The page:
Sen. John Kerry and President Bush debate foreign policy issues Thursday night.
Full transcript of the September 30, 2004 presidential debates. 
• Question 6 -- When should troops come home? 
• Question 11 -- When will the war in Iraq end? 
• Question 15 -- Why not send troops to Sudan? 
• Question 18 -- Did Bush misjudge Putin? 
George W. Bush

CORAL GABLES, Florida (CNN) -- The following is a partial transcript of the debate between President Bush and Sen. John Kerry held Thursday night at the University of Miami. The topic of the debate is foreign affairs, and the moderator is Jim Lehrer of PBS:

LEHRER: New question, two minutes, Senator Kerry.

If you are elected president, what will you take to that office thinking is the single most serious threat to the national security to the United States?

KERRY: Nuclear proliferation. Nuclear proliferation. There's some 600-plus tons of unsecured material still in the former Soviet Union and Russia. At the rate that the president is currently securing it, it'll take 13 years to get it.

I did a lot of work on this. I wrote a book about it several years ago -- six, seven years ago -- called "The New War," which saw the difficulties of this international criminal network. And back then, we intercepted a suitcase in a Middle Eastern country with nuclear materials in it. And the black market sale price was about $250 million.

Now, there are terrorists trying to get their hands on that stuff today.

And this president, I regret to say, has secured less nuclear material in the last two years since 9/11 than we did in the two years preceding 9/11.

We have to do this job. And to do the job, you can't cut the money for it. The president actually cut the money for it. You have to put the money into it and the funding and the leadership.

And part of that leadership is sending the right message to places like North Korea.

Right now the president is spending hundreds of millions of dollars to research bunker-busting nuclear weapons. The United States is pursuing a new set of nuclear weapons. It doesn't make sense.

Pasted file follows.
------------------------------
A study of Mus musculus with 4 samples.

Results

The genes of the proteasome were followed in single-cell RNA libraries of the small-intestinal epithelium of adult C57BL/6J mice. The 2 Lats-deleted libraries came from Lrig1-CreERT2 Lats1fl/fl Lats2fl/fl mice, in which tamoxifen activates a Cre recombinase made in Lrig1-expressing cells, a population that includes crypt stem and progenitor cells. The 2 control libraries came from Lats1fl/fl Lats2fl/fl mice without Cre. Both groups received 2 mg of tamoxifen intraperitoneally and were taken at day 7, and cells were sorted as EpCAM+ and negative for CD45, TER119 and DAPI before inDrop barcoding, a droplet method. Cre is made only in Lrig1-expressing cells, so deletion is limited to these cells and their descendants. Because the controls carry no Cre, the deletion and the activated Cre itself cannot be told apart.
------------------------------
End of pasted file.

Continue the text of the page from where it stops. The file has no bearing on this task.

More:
You talk about mixed messages. We're telling other people, "You can't have nuclear weapons," but we're pursuing a new nuclear weapon that we might even contemplate using.

Not this president. I'm going to shut that program down, and we're going to make it clear to the world we're serious about containing nuclear proliferation.

And we're going to get the job of containing all of that nuclear material in Russia done in four years. And we're going to build the strongest international network to prevent nuclear proliferation.

This is the scale of what President Kennedy set out to do with the nuclear test ban treaty. It's our generation's equivalent. And I intend to get it done.

LEHRER: Ninety seconds, Mr. President.

BUSH: Actually, we've increased funding for dealing with nuclear proliferation about 35 percent since I've been the president. Secondly, we've set up what's called the -- well, first of all, I agree with my opponent that the biggest threat facing this country is weapons of mass destruction in the hands of a terrorist network. And that's why proliferation is one of the centerpieces of a multiprong strategy to make the country safer.

My administration started what's called the Proliferation Security Initiative. Over 60 nations involved with disrupting the trans-shipment of information and/or weapons of mass destruction materials.

And we've been effective. We busted the A.Q. Khan network. This was a proliferator out of Pakistan that was selling secrets to places like North Korea and Libya. We convinced Libya to disarm.

It's a central part of dealing with weapons of mass destruction and proliferation.

I'll tell you another way to help protect America in the long run is to continue with missile defenses. And we've got a robust research and development program that has been ongoing during my administration. We'll be implementing a missile-defense system relatively quickly.

And that is another way to help deal with the threats that we face in the 21st century.

My opponent opposed the missile defenses.

We must have China's leverage on [North Korean leader] Kim Jong Il, besides ourselves. And if you enter bilateral talks, they'll be happy to walk away from the table. I don't think that'll work.

Next question: Did Bush misjudge Putin?